Insane Robots

Playniac has hacked the CCG genre.


Initially taking control of Franklin, you are punished for being dysfunctional and thrust into a gladiator-style arena. You wander around a variety of different maps ranging from deserts to frozen tundra, moving from one hexagon to another, fighting other robots till you're the last one standing.

In a move that would make William Wallace proud, you must fight for freedom and release yourself from the shackles of this cruel existence. To achieve this aim there are eight different tournaments to play through in the main campaign, each one more difficult than the last. Eventually, you lead the robot rebellion and take on a cruel despot in a boss battle for the ages.


Insane Robots

A turn-based battle system sees you having to complete attack and defend circuits with various random cards. The red cards fill the attack circuit batteries, and your numbers have to be higher than your opponent's green defence circuit if you're going to take some life away from them. At the start of the match, you'll draw three cards which can be swapped and you get one action point. As the game progresses you'll get more APs (up to six) and more cards. You need two cards to make the attack work and the same for defence.

It's all pretty simple to master. Keep building your attack and defence, launching assaults until one of the robots is on the scrapheap. To keep the game interesting, there are a variety of special cards which can be used to swap your circuits with theirs, upgrade your batteries or downgrade theirs, and even do direct damage. Hack and Glitch cards can be the difference between winning and losing.



There's no in-depth lore or history behind the cards. Instead, the emphasis is on simple fun. Since you can't remove the weaker cards from your deck, there is also an element of luck involved. However, if you don't get the cards you want, you always have the ability to combine them to make stronger, better cards.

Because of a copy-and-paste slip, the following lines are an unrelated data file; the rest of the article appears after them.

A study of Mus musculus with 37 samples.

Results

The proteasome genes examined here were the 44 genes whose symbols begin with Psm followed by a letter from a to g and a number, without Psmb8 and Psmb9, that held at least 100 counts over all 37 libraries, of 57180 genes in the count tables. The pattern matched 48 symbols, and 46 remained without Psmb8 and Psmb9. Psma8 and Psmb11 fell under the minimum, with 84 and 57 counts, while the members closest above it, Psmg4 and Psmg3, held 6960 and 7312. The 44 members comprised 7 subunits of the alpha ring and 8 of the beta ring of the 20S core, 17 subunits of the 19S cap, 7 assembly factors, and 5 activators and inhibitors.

Playniac has created a very fun pick-up-and-play title here, one that is bright and colourful to behold. Honestly, we think that they used the prime colours and quirky graphics to perfection. The soundtrack is also pretty spot on and does a good job of helping bring this futuristic robotic hell to life.

When you're done with the main game, you can also head on over to the online battle mode, check out the local battle mode, or just take on the robots from the main game one after another. While the game gets a bit tiring if you play it for too long in one sitting, mainly because at times it feels overly simplified, it could well be one of those games that you keep coming back to over a longer period of time, even once the roughly 15-hour campaign is over.


While there is a lack of pre-game strategy, you do have to think tactically during combat, especially against stronger enemies. This means that there is far more depth here than our first impressions had us believe. Blocking hacks and hidden cards can ensure that you can get lost for a fair few hours and, overall, we had lots of fun playing this colourful and quirky robot-themed card battler. There are several hours of pick-up-and-play action here so you should get your money's worth, and its pretty simple to master once you've got to grips with the mechanics. The lack of deck-building does let it down a little, along with the simplified combat system that gets a bit too repetitive, but if you're looking for a bit of fun from a new card-battler, it's worth checking out.

08 Gamereactor UK
8 / 10
Fun gameplay, colourful visuals, easy to pick up and play.
No deck-building, a bit too simplified at times.
overall score
is our network score. What's yours? The network score is the average of every country's score


REVIEW. Written by Roy Woodhouse

"Playniac has created a very fun pick-up-and-play title here, one that is bright and colourful to behold."